The Beez Kneez Keeps Biz Buzzing Amid Challenging Climate
In an era with a plummeting honey bee population (down as much as 70 percent in Minnesota, according to the state’s Pollution Control Agency), making a livelihood from beekeeping requires dedication. According to Kristy Lynn Allen, “it’s definitely a labor of love.”
As the owner of The Beez Kneez, a Minneapolis business that produces, sells and delivers honey (with year-round “beecyclists”), Allen and her team fully embody the honeybee’s work ethic. Their headquarters—nicknamed the Honey House—is humming with more than just the bottling of raw, unprocessed honey occurs.
“We sell retail here as well,” Allen tells TCB. “This is our third year in the space, so we’ll be stepping it up more as a place for beekeepers to come because we also rent out our equipment,” which include veils, suits, hive tools and containers for harvest.
But Beez Kneez isn’t just a retail endeavor – it also plays the role of educator. For the first time this year, new beekeepers—or those really interested in bees—were able to pay for an April through October beekeeping boot camp, aptly titled Camp Beez Kneez. Allen said the program sold out and that next year’s boot camp already has a waiting list.
With her Honey House crew, Allen also welcomes the spring season with an annual event, the Dandelion Honey Pastry Chef Challenge, which proves to be both a valuable revenue source and a creative way to advocate for bee welfare through a “Healthy Bees, Healthy Lives” campaign.
Playing both on the sales and education sides, Allen believes, better insures her business’ survival—especially with The Beez Kneez’ success being completely dependent on the weather. As she put it: “when you’re farming and you lose your whole crop, you’re in a heap of trouble. So pushing education and doing events that bring in income other than just the honey sales—that’s crucial.”
Enlisting her family and neighbors who tend to beehives also helps increase not just volume, but also the variety of honey that Beez Kneez can sell. “Production-wise, this year, is about a quarter to half from us,” Allen said. “The rest [is bought] from my aunt and uncle and other producers.” (Allen’s uncle, Ed Menefee, and aunt, Eileen Menefree, manage over 1,000 hives at Bar Bell Bee Ranch in Squaw Lake, and products like the dandelion and clover/alfalfa flavors are largely made possible through them).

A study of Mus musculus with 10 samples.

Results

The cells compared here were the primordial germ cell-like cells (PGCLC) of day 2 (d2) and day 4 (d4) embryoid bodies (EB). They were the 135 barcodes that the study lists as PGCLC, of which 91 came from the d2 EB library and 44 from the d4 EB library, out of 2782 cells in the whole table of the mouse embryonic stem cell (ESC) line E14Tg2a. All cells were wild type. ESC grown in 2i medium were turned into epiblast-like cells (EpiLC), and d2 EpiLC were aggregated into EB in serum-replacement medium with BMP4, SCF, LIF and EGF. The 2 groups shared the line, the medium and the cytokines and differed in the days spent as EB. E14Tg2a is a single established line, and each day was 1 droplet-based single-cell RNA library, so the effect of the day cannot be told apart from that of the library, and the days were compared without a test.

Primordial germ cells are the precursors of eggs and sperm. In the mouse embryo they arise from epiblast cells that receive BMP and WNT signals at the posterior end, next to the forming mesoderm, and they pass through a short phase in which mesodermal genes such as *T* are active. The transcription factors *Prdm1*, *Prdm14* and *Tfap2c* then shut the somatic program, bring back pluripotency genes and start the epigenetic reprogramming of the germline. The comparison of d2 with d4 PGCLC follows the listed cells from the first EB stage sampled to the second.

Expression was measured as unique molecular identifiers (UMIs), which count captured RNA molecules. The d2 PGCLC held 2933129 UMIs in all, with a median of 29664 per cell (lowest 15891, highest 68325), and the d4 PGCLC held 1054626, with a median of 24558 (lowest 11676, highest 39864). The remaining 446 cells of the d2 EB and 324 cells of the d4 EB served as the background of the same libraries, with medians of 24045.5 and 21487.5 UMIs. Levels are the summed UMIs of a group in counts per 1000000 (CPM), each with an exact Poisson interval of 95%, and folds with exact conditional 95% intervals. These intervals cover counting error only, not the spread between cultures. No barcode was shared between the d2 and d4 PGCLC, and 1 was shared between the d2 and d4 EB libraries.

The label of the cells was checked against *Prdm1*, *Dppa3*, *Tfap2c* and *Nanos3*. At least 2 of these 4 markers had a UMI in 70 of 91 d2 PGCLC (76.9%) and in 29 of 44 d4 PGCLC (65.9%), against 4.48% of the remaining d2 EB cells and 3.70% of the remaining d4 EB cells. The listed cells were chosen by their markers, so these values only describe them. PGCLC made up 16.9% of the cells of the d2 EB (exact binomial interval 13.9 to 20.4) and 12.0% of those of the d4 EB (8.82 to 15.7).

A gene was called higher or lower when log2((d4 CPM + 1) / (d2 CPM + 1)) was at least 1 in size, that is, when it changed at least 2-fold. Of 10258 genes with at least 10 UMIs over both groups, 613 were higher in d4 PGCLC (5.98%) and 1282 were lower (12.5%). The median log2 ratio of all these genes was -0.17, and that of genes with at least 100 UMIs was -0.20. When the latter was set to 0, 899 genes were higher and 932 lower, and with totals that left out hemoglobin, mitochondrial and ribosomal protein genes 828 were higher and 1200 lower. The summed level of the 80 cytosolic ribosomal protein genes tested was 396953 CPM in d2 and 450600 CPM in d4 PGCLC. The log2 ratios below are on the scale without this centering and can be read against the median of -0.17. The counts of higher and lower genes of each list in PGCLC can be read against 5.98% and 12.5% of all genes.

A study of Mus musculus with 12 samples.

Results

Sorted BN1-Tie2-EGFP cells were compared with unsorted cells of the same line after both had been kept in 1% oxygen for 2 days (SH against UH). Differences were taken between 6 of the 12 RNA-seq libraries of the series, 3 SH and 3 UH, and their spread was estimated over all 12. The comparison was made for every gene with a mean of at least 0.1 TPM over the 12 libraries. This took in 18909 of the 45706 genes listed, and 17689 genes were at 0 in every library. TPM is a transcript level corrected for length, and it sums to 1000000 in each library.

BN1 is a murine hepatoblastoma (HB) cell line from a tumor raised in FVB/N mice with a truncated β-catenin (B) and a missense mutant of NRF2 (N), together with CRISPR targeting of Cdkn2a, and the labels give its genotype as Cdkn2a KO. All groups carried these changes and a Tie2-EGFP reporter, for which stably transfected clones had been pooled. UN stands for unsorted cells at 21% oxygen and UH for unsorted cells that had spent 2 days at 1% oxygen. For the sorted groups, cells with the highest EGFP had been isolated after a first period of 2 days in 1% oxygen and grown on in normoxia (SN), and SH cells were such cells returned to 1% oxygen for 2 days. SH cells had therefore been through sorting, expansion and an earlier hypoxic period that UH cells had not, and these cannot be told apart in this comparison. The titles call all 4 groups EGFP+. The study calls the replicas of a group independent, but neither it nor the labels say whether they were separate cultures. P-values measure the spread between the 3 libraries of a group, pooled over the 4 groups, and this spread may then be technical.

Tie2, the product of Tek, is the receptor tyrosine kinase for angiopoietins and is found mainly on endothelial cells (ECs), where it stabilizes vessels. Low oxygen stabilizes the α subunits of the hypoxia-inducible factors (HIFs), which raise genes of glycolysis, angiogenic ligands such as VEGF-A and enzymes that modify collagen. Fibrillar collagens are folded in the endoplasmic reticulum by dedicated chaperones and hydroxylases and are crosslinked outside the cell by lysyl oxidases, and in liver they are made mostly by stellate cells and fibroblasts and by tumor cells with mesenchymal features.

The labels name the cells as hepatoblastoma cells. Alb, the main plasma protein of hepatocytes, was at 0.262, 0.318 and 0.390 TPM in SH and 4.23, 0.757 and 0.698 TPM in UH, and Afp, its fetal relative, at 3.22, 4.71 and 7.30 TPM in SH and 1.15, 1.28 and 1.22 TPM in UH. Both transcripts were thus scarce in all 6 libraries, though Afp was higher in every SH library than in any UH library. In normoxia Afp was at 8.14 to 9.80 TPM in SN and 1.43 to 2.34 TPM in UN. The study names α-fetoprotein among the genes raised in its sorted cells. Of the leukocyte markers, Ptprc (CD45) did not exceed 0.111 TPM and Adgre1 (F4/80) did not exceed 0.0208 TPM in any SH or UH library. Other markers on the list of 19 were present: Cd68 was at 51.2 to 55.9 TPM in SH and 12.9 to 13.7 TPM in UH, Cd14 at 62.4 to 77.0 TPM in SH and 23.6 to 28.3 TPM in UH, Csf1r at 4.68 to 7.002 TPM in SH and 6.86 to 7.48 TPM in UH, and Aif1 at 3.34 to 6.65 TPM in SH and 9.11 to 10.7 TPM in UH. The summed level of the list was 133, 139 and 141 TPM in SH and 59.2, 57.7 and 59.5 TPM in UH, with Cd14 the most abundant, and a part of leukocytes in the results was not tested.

With sales climbing, Beez Kneez has ramped up its own production. Many are looking for a less-processed honey—similar to a modern appreciation for organic, localized foods. “There’s a big market for it—a lot of people want it,” Allen said. “When I started, it went from a couple hives to 20 and then 50 hives and then 100.” Her number of tended hives continues to climb as local interest swells.
But all of that is threatened with a hardship on both bees and beekeepers.
“I’m curious to see what will happen in the coming years,” Allen said. “Honestly, I think beekeepers will go extinct before bees will because it becomes so economically hard.”
The reason, according to Allen: Beekeepers aren’t being well compensated for their harvest. “It’s a very precarious situation and people are still learning what honey costs and what they should pay for it. But with commercial beekeeping, a lot of the income comes from bringing your bees to pollinate almonds in California.”
With doubts about the future of California’s agriculture industry (due to its water consumption restraints), the jeopardized beekeeping trade could undergo numerous changes. One of the more unfortunate changes, Allen believes, is the drop in raw honeycomb production per hive.
“My uncle has been doing this for 35 years and used to bring in a 100 to 300 pound yield per hive,” she said. “Now the average is 40 to 60 pounds.”
Allen believes this reflects the transformation of Minnesota’s landscape and agriculture business. According to findings by the Pesticide Research Institute, honey production in Minnesota has dropped from its 1989 yield of about 21 million pounds to roughly 9 million in 2012. Honey production was a trade that often landed Minnesota within the top five highest producing states; however, that ranking has changed. Minnesota now falls behind Montana, North Dakota, South Dakota, Florida and California—most of which produce nearly twice as much honey as Minnesota—according to Statistica.
“Increasingly, Minnesota is becoming less and less friendly [to bees],” Allen said. “In fact, there are a couple of big beekeepers that moved to Texas and South Dakota simply because, in the springtime, you run the risk of getting hit with corn planting pesticide dust,” which researchers believe is a major killer of pollinators.
The Beez Kneez’ list of issues weigh heavily on Allen’s mind, but she asserts that she’s “just rolling with the punches.”
Allen is currently entering wintertime preparations for her business, where her employee roster drops from three to one. As the bees cluster in their hive to generate heat for winter survival, The Beez Kneez will spend the bulk of that time bottling honey and couriering it by bike.
Allen has also been increasing the Beez Kneez’ brand presence, as its products can be found in such locations in various coops like The Wedge and even The Bakken Museum. But it’s one of the company’s most unexpected and recent endeavors that Allen hopes will bring in additional business: the introduction of its Fleur de Beez Creole-Style Mustard.